Over and Out • 5 July 2009

Back from Encinitas with a head full of this and that, just now realizing I have a hundred pages to read tonight and at least an hour of memorization before settling in tomorrow morning for retreat. The readings are hilarious—exhaustive categorizations of all possible experiences that will arise on the cushion, and all possible ways of relating with it. Aristotle meets Vipassana by way of a Shingon (Japanese Vajrayana) teacher with—evidently—more than a casual connection to Zen. At the beginning of the readings, it says that on some level, you don’t know experience until you can apprehend it precisely. I love that. It’s like what my Marx teacher used to say to students who claimed they could understand the work but just couldn’t put that understanding in clear and distinct writing: you don’t know it until you can describe it. Types, kinds, classes… Aristotle all the way. At least Shinzen’s idea is that you classify and classify until—poof—everything goes up in smoke. I don’t have to take the classifications as real, just inhabit them.

Speaking of which, I’ve been reminded of all the scholars in my life who are so busy hating the society around them that they cannot participate in it. It takes a special fundamentalism to believe that The Fourth of July means one thing and one thing only, and that only fellow PhDs understand that true meaning, and that all others are ignorant, nationalist louts. If my friends understood their own concepts, they would realize they have all the flexibility in the world to use the day of festivities to mean whatever they choose (for example, to celebrate their own unique lives), that the historical content is not the only content.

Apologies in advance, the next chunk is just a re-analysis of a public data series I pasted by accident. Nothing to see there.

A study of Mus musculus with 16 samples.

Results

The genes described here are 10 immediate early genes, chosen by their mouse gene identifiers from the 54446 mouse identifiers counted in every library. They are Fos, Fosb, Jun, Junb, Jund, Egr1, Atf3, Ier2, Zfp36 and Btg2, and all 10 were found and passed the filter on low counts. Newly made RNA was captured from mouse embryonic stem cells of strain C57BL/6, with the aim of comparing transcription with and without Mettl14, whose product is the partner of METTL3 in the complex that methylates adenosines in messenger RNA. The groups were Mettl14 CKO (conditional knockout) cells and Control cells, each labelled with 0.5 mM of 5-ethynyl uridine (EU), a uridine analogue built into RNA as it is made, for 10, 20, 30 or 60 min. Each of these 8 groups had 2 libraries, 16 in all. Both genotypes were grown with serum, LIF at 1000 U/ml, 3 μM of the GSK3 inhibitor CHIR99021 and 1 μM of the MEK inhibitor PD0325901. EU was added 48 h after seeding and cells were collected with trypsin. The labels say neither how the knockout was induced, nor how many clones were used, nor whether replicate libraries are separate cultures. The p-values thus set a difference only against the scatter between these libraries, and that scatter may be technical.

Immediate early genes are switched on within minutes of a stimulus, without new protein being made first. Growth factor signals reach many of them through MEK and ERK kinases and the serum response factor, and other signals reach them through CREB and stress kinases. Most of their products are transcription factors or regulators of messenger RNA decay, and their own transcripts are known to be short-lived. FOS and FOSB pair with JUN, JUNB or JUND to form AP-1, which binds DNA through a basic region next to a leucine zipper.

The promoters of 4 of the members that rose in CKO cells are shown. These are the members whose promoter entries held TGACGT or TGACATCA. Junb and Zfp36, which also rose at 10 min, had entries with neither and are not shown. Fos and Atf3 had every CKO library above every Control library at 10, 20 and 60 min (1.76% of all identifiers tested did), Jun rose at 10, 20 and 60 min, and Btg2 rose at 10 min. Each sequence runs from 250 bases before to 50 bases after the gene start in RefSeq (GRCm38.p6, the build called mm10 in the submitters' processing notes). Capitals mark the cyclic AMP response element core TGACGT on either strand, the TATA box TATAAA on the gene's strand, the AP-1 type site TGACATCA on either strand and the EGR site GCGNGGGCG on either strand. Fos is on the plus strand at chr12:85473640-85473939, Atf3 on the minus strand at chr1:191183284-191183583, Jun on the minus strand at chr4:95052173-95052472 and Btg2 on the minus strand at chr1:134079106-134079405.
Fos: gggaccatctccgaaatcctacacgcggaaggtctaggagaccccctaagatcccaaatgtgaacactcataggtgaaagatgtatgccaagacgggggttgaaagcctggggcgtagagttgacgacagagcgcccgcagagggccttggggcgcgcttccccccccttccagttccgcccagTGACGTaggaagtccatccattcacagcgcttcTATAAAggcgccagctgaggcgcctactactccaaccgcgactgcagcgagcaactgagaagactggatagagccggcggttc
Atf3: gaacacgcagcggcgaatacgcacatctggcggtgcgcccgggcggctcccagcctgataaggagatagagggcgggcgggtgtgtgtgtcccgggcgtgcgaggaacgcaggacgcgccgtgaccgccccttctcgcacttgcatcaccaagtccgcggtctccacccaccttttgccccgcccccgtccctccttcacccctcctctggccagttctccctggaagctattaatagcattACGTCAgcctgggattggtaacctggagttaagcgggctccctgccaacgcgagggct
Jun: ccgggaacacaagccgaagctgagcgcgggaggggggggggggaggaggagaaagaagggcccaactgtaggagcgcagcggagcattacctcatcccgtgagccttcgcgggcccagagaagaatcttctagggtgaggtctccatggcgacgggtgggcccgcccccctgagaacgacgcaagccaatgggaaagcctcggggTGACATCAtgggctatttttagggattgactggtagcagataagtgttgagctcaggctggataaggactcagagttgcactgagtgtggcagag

This is a big puzzle for me: that often, education is not freedom but a set of new taboos, enslavement to old ideas, over-investments in the past. Being educated, in a lineage or in a discipline, becomes such a selfhood project one feels driven to pay constant homage to her pedigree. So that she knows who she is. To the point of driving out experience.

Anyway, may I recommend Fourth of July at La Jolla Cove? Surprisingly, the most ethnically diverse group I’ve been a part of this night in years. A navy brass band playing Dixieland jazz, old people holding hands on the bluffs, waves crashing in to land as hundreds of people snap cameraphone images of loved ones mashed together with the big sun sinking in to the ocean behind them. This morning I practiced in the great mini-mall shala that is the sentimental home of so many ashtangis. Ran in to several people I’ve known in other cities, other countries and online… it's always surprising who is there. I felt presumptuous to drop in for an advanced class—led 2s—but a comeuppance about my dyslexic dwi pada was a good welcome. Tim not only led practice but did it alongside us, which I loved. And there were some extra things that made both kapotasana and the padas much more… natural. I’m writing this post because I thought some people out there would find this helpful. Here’s what I remember (you can figure out where we put them): eka pada bhekasana, supta virasana, viparita dandasana, vrksasana (handstand ver.), single pidgeon, wonky parsvokonasana (head coming to ankle, maybe behind foot)-to-vasisthasana (the one with one leg on the arm) [this is great], supta raja kapotasana (single pidgeon on your back), kashyapasana, forearm vrksasana.

There’s a new email in my in-box about how we might not be able to get to the retreat center tomorrow. It’s up in the mountains to the north, in Encino, on Hayvenhurst Drive. Friday the radio was going on about how Hayvenhurst has been a mess all week, because Michael Jackson’s mom lives there and fans won’t stop building shrines and doing vigils there. Now it turns out that our retreat center is the property adjacent to the Jackson residence and retreat organizers are concerned we may not be able to get past the police barricades and crazy fans! I wonder, are they blasting Thriller out of ghetto blasters, as they were down at UCLA Medical Center the day of Michael’s death? Will I have the opportunity tomorrow morning to do some mindful vulture driving, or mindful giving of the finger? I bet if the cops just told the mourners that we were trying to meditate next door, they would chill out and join us in silence. Ommmmmmm over and out.